Allen Berger, Ph.D.
Keeping score in our relationship
In this Twoology video, relationship expert, Allen Berger, Ph.D prescribes if you want to stop keeping score, understand that most of the time the basis of keeping score is doing things you don’t want to in order to earn brownie points. To stop this, don’t do things that you really really don’t want to do, and don’t accept anything from your partner that they clearly don’t want to do.
Is keeping score in our relationship a good thing? If yes, how do you keep score? One of the most important things that I talk to couples about is to not accept from your partner anything that’s not given with an open hand. Now, a corollary of that is for me not to give anything that I don’t want to give with an open hand.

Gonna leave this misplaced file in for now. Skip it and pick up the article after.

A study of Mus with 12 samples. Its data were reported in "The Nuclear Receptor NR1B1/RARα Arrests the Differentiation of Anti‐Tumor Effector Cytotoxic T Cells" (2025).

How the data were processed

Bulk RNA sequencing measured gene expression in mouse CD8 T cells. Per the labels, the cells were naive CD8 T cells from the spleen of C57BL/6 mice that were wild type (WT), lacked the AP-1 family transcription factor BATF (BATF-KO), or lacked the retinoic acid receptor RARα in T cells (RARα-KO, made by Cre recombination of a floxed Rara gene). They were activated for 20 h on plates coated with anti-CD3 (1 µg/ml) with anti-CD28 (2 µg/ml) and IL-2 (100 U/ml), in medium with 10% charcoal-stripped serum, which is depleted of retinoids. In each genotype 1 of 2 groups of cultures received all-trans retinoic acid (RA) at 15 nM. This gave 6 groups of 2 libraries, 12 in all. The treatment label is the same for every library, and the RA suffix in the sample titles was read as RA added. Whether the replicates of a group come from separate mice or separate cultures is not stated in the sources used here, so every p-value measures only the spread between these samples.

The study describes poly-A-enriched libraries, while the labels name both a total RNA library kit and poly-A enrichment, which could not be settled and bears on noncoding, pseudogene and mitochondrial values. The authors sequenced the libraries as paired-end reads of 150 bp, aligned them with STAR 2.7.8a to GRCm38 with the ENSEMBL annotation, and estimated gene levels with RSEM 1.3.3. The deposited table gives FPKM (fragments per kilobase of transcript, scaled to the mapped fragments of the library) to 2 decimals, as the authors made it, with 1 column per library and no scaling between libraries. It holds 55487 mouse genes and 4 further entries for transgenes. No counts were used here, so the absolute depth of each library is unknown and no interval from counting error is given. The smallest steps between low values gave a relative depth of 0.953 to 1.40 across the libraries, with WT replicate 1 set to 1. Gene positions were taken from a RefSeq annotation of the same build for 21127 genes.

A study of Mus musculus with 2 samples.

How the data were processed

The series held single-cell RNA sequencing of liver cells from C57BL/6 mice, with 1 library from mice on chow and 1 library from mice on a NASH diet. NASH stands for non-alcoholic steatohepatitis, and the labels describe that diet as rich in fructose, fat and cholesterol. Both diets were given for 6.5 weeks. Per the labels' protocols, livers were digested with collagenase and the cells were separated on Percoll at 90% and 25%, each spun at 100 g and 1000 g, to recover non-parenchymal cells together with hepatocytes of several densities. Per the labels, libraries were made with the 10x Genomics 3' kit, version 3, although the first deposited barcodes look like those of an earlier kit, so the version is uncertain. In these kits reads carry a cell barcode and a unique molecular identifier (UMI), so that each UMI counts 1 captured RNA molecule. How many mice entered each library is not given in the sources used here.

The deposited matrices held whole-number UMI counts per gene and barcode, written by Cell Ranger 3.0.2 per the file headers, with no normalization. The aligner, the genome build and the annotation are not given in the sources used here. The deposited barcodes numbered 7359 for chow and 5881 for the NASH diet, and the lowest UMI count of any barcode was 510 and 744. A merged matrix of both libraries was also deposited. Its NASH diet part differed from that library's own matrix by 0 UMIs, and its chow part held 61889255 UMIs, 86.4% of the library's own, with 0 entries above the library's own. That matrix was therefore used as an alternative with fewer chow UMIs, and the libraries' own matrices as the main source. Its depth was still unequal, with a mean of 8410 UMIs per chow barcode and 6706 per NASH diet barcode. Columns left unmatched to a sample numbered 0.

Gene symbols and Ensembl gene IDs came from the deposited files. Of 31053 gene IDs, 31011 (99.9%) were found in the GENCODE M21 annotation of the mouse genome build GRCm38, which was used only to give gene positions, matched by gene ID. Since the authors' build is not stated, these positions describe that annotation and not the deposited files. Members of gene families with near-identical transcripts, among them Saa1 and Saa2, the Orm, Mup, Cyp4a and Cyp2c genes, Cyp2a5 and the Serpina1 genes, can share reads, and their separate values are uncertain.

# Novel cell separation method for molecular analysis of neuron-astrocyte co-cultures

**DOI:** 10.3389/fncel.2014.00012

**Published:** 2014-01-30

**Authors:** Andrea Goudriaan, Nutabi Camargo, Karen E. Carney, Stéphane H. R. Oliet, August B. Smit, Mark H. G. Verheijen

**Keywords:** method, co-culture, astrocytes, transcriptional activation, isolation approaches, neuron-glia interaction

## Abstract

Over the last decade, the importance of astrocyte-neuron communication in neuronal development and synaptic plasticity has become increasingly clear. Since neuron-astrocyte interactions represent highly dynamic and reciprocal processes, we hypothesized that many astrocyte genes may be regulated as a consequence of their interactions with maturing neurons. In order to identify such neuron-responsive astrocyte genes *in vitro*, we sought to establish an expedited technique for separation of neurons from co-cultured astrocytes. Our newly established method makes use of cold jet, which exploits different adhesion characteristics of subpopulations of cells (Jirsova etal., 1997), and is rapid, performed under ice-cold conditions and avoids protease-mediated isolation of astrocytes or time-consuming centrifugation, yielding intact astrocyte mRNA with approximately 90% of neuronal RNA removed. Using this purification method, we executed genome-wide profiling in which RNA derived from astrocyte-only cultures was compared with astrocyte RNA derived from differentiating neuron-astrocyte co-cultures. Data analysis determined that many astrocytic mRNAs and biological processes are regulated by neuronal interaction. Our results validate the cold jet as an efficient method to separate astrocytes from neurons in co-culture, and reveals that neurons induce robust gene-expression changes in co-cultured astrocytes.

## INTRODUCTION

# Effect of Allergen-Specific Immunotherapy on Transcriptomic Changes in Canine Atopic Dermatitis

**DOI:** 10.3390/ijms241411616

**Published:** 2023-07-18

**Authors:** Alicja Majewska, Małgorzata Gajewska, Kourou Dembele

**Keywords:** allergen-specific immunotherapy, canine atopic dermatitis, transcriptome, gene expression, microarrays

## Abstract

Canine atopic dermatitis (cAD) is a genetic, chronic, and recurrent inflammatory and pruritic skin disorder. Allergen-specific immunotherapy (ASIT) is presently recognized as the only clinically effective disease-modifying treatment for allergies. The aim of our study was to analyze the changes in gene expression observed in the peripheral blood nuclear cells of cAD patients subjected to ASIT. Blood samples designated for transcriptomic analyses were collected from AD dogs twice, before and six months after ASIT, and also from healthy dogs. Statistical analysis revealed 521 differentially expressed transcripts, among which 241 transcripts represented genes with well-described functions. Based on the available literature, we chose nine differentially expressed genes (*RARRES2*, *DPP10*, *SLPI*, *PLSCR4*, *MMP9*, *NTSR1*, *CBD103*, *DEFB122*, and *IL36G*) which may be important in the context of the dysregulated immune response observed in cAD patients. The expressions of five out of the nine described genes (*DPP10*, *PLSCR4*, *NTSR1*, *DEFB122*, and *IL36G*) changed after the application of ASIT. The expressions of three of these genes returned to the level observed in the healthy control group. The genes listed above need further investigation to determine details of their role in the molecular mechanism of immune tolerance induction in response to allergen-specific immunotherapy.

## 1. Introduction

You see, when people start keeping score, it’s because they’re doing things they don’t want to do. So I’m going to do this for you, and I don’t really want to. I’m doing it begrudgingly. And I’m going to expect that you do something for me that you don’t want to do. Now, I don’t have a problem with that: If you talked about that and you make a decision to have a quid pro quo like that, that’s fine. If that’s a conscious decision, that’s fine, but rarely is that a conscious decision.
Most people usually play this game without talking about it, and that’s going to be destructive to your relationship. So quit giving things that you don’t want to give, and, also, don’t accept stuff from your partner. If you do that, then you’re in relationship where you’re keeping score, and one or both of you is always going to be losing out on something.